French raider Dunaden denied Britain a first Melbourne Cup victory by beating the Ed Dunlop-trained Red Cadeaux in a photo finish at Flemington.
The five-year-old, saddled by Mikel Delzangles and ridden by Christophe Lemaire, got home by a nose to win ‘the race that stops a nation’.
Lucas Cranach was third in the $6m (£4m) two-mile event watched by 100,000 people at the Australian racecourse.
Last year’s winner Americain was a fast-finishing fourth.
It was one of the closest finishes in the 151 runnings of the famous race.
Delzangles said: “I’m still shaking. It’s amazing. I thought I was beaten so it’s even better.
“It’s a great moment for me. This will be one of the great moments of my career.”
emaire only stepped in for the ride at the last minute after Craig Williams was ruled out of the race through suspension.
Williams rode Dunaden to win the Geelong Cup in his prep race earlier this month and Delzangles said: “I know it was hard for Craig Williams but it’s part of a jockey’s life and I know he will win the race one day.”
Dunaden is owned by Sheikh Fahad Al Thani under his Pearl Bloodstock banner.
Illo set a steady pace early on with Luca Cumani’s Manighar taking up a prominent early position.
The first two were happy to bide their time as Jim Cassidy began to raise the pace a notch at halfway aboard Illo and he headed the field into the straight.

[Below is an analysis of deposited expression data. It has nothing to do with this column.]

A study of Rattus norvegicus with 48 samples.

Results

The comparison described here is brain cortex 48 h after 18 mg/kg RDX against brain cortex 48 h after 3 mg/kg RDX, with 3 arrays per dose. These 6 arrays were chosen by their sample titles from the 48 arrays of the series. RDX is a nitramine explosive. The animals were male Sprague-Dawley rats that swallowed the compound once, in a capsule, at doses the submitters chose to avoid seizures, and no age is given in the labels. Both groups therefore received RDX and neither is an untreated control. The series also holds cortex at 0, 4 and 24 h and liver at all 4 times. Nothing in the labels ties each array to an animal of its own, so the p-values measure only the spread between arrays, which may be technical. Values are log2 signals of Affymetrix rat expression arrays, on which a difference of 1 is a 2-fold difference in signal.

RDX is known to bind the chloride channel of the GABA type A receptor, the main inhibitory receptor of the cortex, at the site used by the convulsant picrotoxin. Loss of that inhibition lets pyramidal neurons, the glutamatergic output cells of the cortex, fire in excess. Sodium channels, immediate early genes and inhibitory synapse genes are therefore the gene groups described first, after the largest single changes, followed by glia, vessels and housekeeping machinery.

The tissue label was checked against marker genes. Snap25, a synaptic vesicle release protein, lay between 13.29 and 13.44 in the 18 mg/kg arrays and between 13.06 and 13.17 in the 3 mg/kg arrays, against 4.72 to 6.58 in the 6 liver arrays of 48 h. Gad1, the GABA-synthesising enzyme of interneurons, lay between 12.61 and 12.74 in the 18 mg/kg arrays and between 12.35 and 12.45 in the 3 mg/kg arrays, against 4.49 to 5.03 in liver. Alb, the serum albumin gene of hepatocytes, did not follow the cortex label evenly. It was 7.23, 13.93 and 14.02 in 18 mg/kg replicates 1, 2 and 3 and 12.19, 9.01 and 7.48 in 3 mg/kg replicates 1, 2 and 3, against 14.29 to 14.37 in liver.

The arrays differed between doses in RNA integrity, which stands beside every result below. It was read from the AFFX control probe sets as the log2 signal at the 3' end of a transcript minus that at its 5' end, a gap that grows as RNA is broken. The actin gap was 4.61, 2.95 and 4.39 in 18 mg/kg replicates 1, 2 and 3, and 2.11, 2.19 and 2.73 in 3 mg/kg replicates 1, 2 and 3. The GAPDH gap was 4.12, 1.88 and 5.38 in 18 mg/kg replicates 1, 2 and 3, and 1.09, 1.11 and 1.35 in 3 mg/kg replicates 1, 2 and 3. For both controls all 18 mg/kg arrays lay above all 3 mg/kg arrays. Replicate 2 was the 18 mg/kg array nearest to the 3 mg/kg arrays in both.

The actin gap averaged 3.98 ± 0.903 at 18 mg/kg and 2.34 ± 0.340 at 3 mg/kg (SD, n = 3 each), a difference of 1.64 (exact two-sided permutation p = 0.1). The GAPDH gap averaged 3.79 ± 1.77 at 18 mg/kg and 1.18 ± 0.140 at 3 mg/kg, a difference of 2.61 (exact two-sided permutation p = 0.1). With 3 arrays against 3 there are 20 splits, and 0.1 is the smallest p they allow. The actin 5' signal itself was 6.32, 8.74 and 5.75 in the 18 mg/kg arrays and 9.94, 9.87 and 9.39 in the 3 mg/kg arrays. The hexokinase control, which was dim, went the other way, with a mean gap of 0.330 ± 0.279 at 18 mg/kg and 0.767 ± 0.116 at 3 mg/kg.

There were plenty in with a chance at that stage but Michael Rodd made his move on Red Cadeaux as Lucas Cranach also began to launch his challenge.
Lemaire then produced Dunaden between the two but Red Cadeaux was still in front coming into the final furlong.
Dunaden was not finished though and he stuck his neck out to just put his head in front on the line.
Newmarket trainer Dunlop said he was already thinking about a return trip in 2012, adding: “I thought beforehand that he wouldn’t like the ground but that was a fantastic run.
“I was watching it with Luca Cumani and he thought I’d got it on the nod, but the best I thought we’d got would have been a dead heat.
“He got a lovely run into the straight and the jockey has given him a great ride.
“We don’t like to be second but I’ve come all the way down here for the first time so you have to be delighted.
“If he’s OK, we’ll be back next year.”
Cumani saddled two in the race with Manighar claiming fifth place while Drunken Sailor was 12th.
Saeed Bin Suroor also fielded two in the race with Lost In The Moment finishing sixth and Modun last of the 23 runners.
Mark Johnston’s Fox Hunt was seventh with his other runner Jukebox Jury finishing 20th.
Champion jockey contender Silvestre de Sousa had taken valuable time out from the British title race to ride Fox Hunt.
Brian Ellison was another trainer to be double-handed, but Moyenne Corniche and Saptapadi could muster no better than 15th and 16th respectively.